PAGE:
KSU professors researching system to treat crops utilizing robots


Researchers at Kansas State University are working on a system to make chemical crop treatments more efficient using robots have been awarded an $882,920 USDA grant.

The focus of their work is a system that can identify the presence of crop pests and utilize focused chemical applications by autonomous robots. It’s an effort to reduce broad use of pesticides to limit environmental impact as well as ensure that pesticide treatments are more effective — agricultural producers lose 37 percent of crop yield to pests despite collectively spraying close to $15 billion worth of the chemicals per year.

The project is the collaborative work of Ajay Sharda and Dan Flippo, both assistant professors of biological and agricultural engineering, as well as Brian McCormick, associate professor of entomology and interim head of the entomology department.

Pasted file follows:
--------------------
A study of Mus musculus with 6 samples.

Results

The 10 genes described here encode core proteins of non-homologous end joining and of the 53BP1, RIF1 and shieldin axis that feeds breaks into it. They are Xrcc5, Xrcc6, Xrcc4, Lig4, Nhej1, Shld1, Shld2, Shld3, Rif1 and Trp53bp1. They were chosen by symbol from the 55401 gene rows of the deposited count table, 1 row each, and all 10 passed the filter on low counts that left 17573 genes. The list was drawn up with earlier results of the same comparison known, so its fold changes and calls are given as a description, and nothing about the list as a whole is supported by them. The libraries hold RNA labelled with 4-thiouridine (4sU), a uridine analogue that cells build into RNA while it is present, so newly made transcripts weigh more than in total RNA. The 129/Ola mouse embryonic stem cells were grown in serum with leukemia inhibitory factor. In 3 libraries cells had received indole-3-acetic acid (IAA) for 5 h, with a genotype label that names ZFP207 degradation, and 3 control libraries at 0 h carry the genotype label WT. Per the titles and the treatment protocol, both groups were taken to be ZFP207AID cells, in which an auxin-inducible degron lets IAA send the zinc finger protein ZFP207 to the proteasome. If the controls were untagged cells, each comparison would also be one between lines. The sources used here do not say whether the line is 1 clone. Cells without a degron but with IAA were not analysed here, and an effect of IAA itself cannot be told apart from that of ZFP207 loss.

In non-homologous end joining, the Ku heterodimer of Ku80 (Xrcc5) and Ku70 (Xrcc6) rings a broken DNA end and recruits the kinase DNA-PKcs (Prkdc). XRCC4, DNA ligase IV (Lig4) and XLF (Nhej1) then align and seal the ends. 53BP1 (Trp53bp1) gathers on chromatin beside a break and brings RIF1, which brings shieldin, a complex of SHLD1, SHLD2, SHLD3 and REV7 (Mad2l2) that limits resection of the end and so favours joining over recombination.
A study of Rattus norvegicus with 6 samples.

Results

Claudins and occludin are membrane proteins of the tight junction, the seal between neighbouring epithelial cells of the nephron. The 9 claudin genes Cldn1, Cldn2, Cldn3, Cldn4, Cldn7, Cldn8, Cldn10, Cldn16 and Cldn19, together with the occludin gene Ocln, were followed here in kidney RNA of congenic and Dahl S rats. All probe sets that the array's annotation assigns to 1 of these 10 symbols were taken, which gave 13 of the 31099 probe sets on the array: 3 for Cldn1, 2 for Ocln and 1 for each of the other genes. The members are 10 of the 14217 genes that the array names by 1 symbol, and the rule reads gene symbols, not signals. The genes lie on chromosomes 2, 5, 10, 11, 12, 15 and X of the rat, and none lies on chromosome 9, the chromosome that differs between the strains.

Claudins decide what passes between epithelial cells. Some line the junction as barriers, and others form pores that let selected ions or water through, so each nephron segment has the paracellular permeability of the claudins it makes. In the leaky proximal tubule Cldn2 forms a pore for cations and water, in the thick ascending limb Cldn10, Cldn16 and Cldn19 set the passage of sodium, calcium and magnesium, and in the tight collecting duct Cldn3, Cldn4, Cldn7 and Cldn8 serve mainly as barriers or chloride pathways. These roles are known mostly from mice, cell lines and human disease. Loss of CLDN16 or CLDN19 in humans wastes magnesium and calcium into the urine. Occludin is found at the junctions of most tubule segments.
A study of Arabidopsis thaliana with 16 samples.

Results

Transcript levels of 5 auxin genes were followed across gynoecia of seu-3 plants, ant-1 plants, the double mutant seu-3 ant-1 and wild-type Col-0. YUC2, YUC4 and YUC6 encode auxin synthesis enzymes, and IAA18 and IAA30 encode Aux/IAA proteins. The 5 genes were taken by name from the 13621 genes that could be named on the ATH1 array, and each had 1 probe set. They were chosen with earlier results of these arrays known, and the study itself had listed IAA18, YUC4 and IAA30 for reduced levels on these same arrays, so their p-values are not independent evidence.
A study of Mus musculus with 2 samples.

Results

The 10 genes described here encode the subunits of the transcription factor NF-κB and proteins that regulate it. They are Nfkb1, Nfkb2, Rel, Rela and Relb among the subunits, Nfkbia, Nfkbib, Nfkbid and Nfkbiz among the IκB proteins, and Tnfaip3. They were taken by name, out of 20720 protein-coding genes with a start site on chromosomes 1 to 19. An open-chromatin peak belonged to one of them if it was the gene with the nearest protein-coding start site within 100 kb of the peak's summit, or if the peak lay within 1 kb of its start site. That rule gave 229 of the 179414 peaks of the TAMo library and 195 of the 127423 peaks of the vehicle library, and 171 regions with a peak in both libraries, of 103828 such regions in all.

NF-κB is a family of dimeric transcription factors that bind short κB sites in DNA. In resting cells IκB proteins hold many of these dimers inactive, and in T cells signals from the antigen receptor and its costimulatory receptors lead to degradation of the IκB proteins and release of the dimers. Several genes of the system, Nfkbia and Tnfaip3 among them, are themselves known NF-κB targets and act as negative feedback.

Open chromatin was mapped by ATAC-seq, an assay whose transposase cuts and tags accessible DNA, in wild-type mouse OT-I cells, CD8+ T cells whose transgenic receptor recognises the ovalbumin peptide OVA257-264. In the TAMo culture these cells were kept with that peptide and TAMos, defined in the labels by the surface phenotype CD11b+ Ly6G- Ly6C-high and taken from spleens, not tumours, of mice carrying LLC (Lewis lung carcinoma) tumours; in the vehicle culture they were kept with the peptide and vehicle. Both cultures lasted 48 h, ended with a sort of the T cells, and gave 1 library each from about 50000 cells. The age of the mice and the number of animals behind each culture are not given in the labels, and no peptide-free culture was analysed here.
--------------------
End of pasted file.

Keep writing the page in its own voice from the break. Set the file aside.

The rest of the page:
“This research will create a paradigm shift in sustainable crop production and provide new opportunities for using intelligent operating systems to improve pest control applications and reduce yield gaps,” Sharda said.

Sharda says using the new approach to chemical crop treatment to locate insect presence and severity will be a big change from existing practices.

“Involving both graduate and undergraduate students in creating this platform to advance crop protection,” Sharda said, “will help to make Kansas State University one of the top institutions engaged in the development of smart autonomous systems for agriculture.”


About Author

Nick McNamara

Local government reporter, sometimes host/producer of the KMAN Morning Show. 2017 Long Beach State graduate in Journalism/Native American cultures. Los Angeles County born and raised. Nick can be reached at Nick@1350KMAN.com.